By Alex Dunlevie
As far as dinner goes, one of the most important things in many peoples mind is how to cook a great steak. The goal here is to build a great crust on the outside, while having as much of the inside of the steak as possible at “target temperature.” What we mean here is that when we cut into the steak, we want to see as much steak as possible at the desired finished temperature (i.e. medium rare for most steak eaters, ~135°F) with only the outer most layer being overcooked, to build our flavorful crust. We will do this by cooking the steak in 2 parts: an initial sear, followed by a short trip in the oven to cook the steak through to our target temperature. The following items are recommended:
- A quality cut of steak of your choice
- oil (vegetable, canola, olive)
- sauté pan
- First, we want to take the steak out of the refrigerator at least 45-60 minutes before cooking. When its out, season it with salt and freshly cracked black pepper, and allow to rest on the counter. This will help some of the chill from the fridge to come off the steak, helping more of our steak to be at target temperature.
- Seasoning at least 45 minutes before cooking will allow some of the juices in the steak to be pulled to the surface, where they will essentially make a brine with the salt, before being pulled back into the meat. This process will season our steaks better and give us a superior result.
- Preheat your oven to 350°F, and heat up your sauté pan on high heat. Depending on your pan’s thickness and material, this could take anywhere from about 10-20 minutes. In general, the heavier your pan, the better your sear, although preheating a heavier pan will always take longer. The pan should be extremely hot.
- Our final consideration is cooking oil. If we choose poorly, our oil will burn before it browns our steaks, giving us acrid and off flavors. My preferred choices here are vegetable oil, canola oil, or olive oil. Extra virgin olive oil would be a waste here, as its subtle flavors will just be ruined by the heat, although “Light” Olive oil works fine.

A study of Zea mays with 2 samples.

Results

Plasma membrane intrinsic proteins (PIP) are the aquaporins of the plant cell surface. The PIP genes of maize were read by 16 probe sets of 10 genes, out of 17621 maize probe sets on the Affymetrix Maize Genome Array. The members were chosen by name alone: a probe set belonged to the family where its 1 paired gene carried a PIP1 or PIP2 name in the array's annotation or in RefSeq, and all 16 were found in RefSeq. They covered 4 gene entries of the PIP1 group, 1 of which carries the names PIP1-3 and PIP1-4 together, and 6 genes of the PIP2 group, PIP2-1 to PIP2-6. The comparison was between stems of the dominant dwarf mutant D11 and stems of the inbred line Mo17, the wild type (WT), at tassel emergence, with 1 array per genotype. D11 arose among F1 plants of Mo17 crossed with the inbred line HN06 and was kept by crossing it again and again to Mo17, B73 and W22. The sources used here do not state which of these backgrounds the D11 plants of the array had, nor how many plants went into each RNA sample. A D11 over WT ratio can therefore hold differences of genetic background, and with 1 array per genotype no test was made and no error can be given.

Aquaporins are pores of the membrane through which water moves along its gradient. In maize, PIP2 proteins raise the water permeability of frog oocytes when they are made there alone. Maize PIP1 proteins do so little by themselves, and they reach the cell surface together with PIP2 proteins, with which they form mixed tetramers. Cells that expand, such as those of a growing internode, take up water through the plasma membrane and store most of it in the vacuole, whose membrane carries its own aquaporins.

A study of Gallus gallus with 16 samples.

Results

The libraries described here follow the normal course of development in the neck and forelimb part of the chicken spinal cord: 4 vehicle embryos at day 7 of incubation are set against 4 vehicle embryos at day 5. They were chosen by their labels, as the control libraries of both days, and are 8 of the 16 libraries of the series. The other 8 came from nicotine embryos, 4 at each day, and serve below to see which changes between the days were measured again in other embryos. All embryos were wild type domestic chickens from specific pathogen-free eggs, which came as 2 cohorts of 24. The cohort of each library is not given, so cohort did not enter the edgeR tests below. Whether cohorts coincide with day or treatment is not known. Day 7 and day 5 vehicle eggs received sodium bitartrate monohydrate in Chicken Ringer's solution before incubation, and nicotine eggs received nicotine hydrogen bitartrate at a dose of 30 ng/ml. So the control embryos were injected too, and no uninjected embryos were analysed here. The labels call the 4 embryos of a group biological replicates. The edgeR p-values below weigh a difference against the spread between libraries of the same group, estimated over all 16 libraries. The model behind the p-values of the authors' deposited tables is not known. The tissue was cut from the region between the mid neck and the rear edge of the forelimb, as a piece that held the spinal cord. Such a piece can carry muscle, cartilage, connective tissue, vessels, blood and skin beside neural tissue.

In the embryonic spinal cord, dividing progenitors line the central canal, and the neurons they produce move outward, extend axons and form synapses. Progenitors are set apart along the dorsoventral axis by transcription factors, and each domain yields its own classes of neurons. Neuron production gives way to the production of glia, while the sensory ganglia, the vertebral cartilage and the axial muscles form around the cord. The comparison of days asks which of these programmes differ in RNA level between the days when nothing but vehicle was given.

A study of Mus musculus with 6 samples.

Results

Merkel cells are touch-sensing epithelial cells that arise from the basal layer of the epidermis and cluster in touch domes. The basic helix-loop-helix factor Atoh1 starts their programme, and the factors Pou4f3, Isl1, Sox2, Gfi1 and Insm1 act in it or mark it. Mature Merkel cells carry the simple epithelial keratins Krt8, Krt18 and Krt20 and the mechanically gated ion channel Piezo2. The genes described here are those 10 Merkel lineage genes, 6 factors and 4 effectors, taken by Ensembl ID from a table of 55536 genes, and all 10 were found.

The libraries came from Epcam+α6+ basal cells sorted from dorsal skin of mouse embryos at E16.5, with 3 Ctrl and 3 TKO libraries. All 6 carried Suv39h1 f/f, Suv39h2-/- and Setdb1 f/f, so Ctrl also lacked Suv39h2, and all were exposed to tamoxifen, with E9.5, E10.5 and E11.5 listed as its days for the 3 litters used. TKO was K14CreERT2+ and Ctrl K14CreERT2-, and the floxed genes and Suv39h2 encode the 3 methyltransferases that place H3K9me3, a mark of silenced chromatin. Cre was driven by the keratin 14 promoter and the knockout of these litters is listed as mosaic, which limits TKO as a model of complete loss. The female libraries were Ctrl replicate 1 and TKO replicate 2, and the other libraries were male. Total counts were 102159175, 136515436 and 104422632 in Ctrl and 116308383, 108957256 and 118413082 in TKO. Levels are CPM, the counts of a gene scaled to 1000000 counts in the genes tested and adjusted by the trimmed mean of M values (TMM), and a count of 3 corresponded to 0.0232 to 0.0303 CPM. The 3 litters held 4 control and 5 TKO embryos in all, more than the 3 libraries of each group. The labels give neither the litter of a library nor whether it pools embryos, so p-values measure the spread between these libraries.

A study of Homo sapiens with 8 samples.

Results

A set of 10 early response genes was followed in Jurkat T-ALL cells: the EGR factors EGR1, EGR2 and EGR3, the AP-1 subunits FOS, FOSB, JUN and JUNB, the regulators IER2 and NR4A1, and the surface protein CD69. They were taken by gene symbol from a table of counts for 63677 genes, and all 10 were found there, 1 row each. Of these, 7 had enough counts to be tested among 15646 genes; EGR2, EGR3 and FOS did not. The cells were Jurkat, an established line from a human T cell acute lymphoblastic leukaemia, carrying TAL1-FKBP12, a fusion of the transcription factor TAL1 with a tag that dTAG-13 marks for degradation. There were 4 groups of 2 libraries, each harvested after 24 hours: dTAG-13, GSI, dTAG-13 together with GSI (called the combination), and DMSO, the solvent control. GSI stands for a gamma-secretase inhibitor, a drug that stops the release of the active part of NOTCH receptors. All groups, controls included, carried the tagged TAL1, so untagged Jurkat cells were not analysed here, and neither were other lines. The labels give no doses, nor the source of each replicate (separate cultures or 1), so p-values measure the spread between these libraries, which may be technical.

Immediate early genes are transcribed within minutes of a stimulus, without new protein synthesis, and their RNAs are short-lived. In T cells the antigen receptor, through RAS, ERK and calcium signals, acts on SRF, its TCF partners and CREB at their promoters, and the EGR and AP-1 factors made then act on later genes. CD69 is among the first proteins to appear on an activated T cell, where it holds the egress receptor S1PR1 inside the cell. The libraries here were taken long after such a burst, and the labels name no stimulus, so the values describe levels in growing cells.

- Immediately before cooking, pat the steaks on a paper towel to dry the surface(we want to sear the meat, not steam it), add about a tablespoon of oil to the pan, and lay the steaks down in the pan. Set a timer for 3 minutes and do not touch your steaks until the timer goes off! This will allow a nice deep crust to develop, generating flavor. *Be warned, this will generate a fair amount of smoke.
- When the 3 minutes is up, flip the steaks and allow to sear on the other side for another 3 minutes.
- After the 6 minutes of searing, move the steaks to the oven and cook them through to target temperature. *Timing will vary heavily depending on steak thickness and rest period, but could be anywhere from 2 minutes on a thin steak to 20 minutes in the case of very thick steaks.
- Remove at 120°F for rare, 130°F for medium rare, 140°F for medium, and 150°F for medium well, checking the thickest part of the steak with your thermometer. The steaks will carryover about 5 degrees once out of the oven.
- Allow to rest at least 10 minutes before serving. This technique can be replicated on a grill, using a “hot-zone/cool-zone” technique.
For those wishing for an additional layer of flavor, I’ve found excellent results by simply taking a butane or propane torch and flashing the steak with it for a few seconds. This combusts the fat on the surface which generates a smoky, grill-like flavor, although its certainly not as pronounced as truly grilled steaks.
Hopefully this can serve as a barebones guide to the fundamental process. For more information about what type of pan is the best to use for this process, check out which pan do I use. What are your favorite sides to go with your perfectly cooked steak?
Alex Dunlevie is a sous chef with Savory Celebration hailing from the northern San Francisco Bay area. Alex has been a serious foodie his entire life and staged at restaurants around California including the award winning Michael Mina. While mentoring under Chefs Robbie and Samantha, he was given the skills necessary to further his growth as a chef and hone the finer points of his culinary knowledge. Alex loves cooking protein of all kinds, particularly beef, and is interested in both modern and classic approaches to technique.